Let’s start with the end of the world, why don’t we? Get it over with and move on to more interesting things.
Seismic activity ravages the lone continent of the world populated with humans, sentient beings called stone eaters, and orogenes–humans feared for their ability to control the earth on instinct. Occasionally, the destruction wreaked by the continent’s earthquakes would give rise to a Season–an extended era of turmoil during which entire civilizations would collapse and be lost to memory. The longest lasting of these is the empire of Sanze, whose thousand year reign ends at the beginning of the novel. In present time, a woman named Essun sets off to find her husband, the man who killed their son and then took off with their daughter. In the past, a young girl ostracized by her family and wanted dead by her community for being an orogene is taken into the center of the Sanze empire to receive training at the Fulcrum, where she will learn to serve the empire by stilling and redirecting earthquakes. A different timeline follows Syenite, a Fulcrum-trained Imperial Orogene sent on a mission with a madman who speaks more truth than she is willing to hear. At times brutally horrific, The Fifth Season is an incredible story of power, corruption, love, and the end of the world.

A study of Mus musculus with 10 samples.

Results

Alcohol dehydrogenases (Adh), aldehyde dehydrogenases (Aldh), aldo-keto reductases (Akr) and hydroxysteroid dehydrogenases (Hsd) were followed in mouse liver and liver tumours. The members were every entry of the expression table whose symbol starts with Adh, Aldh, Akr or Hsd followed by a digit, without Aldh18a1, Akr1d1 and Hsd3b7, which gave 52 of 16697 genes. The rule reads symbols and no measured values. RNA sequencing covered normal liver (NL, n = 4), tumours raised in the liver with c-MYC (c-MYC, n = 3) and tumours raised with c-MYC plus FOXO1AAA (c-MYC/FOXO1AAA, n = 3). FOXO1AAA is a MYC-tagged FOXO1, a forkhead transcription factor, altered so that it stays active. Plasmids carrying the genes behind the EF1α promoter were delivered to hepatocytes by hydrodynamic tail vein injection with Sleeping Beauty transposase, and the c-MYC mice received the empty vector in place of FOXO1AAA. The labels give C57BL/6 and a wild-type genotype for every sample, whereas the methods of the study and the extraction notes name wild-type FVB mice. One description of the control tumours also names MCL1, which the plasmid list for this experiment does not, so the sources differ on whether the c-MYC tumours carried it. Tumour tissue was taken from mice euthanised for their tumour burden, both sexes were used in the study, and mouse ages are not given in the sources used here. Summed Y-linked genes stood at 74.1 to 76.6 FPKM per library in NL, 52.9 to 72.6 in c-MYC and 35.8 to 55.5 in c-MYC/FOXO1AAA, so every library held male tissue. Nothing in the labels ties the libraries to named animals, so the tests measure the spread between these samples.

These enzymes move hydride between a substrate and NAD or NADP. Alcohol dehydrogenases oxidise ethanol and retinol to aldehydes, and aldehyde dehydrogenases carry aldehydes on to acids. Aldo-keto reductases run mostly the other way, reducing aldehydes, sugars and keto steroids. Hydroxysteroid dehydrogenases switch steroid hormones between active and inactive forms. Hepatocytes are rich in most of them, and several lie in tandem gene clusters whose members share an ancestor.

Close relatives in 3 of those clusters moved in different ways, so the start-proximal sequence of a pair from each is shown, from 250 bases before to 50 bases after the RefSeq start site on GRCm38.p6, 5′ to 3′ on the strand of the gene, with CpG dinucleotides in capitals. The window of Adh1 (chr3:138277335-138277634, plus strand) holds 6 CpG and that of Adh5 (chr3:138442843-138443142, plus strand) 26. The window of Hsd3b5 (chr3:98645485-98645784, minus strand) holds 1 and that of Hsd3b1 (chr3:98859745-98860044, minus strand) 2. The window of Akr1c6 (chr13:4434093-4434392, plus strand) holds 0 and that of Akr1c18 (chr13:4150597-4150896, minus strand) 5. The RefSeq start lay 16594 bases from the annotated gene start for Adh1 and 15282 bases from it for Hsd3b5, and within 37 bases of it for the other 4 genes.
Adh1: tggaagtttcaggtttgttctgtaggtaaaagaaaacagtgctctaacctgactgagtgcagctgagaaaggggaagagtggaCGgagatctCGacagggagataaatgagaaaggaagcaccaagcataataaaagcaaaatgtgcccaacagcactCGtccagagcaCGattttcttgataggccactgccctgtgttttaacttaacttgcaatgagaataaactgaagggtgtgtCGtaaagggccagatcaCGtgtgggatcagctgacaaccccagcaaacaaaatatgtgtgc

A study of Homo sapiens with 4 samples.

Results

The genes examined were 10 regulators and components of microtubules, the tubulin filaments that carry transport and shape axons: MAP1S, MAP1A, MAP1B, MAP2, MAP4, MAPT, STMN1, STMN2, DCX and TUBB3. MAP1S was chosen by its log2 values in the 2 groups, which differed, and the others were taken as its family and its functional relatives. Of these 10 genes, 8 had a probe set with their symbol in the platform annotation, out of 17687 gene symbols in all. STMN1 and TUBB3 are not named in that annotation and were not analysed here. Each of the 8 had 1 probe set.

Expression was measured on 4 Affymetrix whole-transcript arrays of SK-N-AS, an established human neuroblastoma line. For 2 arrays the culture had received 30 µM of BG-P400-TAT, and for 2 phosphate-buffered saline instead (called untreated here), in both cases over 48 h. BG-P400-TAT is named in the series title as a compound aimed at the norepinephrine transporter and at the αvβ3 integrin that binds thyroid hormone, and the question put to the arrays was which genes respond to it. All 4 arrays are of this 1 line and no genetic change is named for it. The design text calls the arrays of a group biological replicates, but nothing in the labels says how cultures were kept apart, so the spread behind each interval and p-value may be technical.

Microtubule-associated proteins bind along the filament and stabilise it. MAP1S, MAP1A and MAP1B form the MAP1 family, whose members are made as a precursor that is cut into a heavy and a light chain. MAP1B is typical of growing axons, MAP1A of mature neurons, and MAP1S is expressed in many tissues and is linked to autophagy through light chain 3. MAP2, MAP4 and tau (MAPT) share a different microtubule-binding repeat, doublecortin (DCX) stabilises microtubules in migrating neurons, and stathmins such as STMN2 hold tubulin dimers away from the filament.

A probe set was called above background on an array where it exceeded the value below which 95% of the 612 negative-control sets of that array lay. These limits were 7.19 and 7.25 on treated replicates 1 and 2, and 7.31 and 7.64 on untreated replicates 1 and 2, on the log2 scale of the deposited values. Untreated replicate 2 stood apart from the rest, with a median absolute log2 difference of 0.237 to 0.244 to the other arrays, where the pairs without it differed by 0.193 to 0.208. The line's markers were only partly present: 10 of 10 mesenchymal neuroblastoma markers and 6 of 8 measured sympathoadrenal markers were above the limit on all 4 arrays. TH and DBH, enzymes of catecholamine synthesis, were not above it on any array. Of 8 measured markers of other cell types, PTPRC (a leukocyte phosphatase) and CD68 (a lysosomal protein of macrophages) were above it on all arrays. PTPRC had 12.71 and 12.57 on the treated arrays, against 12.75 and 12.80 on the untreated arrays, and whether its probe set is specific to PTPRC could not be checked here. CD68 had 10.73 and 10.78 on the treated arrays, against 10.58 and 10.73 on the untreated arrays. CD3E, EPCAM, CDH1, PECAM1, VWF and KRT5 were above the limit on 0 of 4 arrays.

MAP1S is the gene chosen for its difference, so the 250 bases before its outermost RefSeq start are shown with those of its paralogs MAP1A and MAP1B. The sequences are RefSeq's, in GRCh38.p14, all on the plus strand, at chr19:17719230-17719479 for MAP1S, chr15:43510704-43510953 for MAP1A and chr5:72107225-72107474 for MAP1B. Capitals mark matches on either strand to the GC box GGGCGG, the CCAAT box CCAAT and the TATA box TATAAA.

The Fifth Season dares to ask and demand an answer to a question that many franchises often skirt around–if there is a portion of a people who can with will alone cause immeasurable destruction, should they be given the same freedoms as everyone else? Should the government implement a system to control them and ensure such destruction never occurs? What if that means creating a culture of fear and hate against such powerful individuals? What if it means dehumanizing them? But what if, by controlling them through whatever means, you can protect the majority of the population from individuals who can shake the earth hard enough to start the end of the world?
Lately, movies such as Captain America: Civil War and X-Men: Apocalypse have pretended at answering these questions with what I find unsatisfactory results. N. K. Jemisin not only dares to confront these questions head-on, but also forces her readers to think deeply about accountability, personhood, and collateral damage.
N. K. Jemisin is a master of world building. She excels at showing us this incredibly nuanced world piece by piece, leaving the reader to make connections and infer hierarchies. Although she has a narrator explicate the occasional backstory, it never feels like an info-dump. The Fifth Season slowly unravels it’s mysteries, making the reader earn each new revelation.
Most importantly, Jemisin creates a world of diversity–diversity of race, gender, and sexual orientation–that is extremely rare for the high fantasy genre. So often high fantasy follows a European Medieval pattern where the dominant race is white and where (maybe) the foreign nations are described as being darker skinned. Jemisin takes that trope and throws it out the window. The continent of the Stillness has people of differing nonwhite races; the Sanze race in charge is described as having dark skin and gray afros. Beyond racial diversity, Jemisin seamlessly includes transgender, gay, lesbian, and bisexual characters and a variety of different amorous and sexual relationships. She does this with such ease and with such efficacy that it makes you wonder why so many fantasy authors don’t do the same.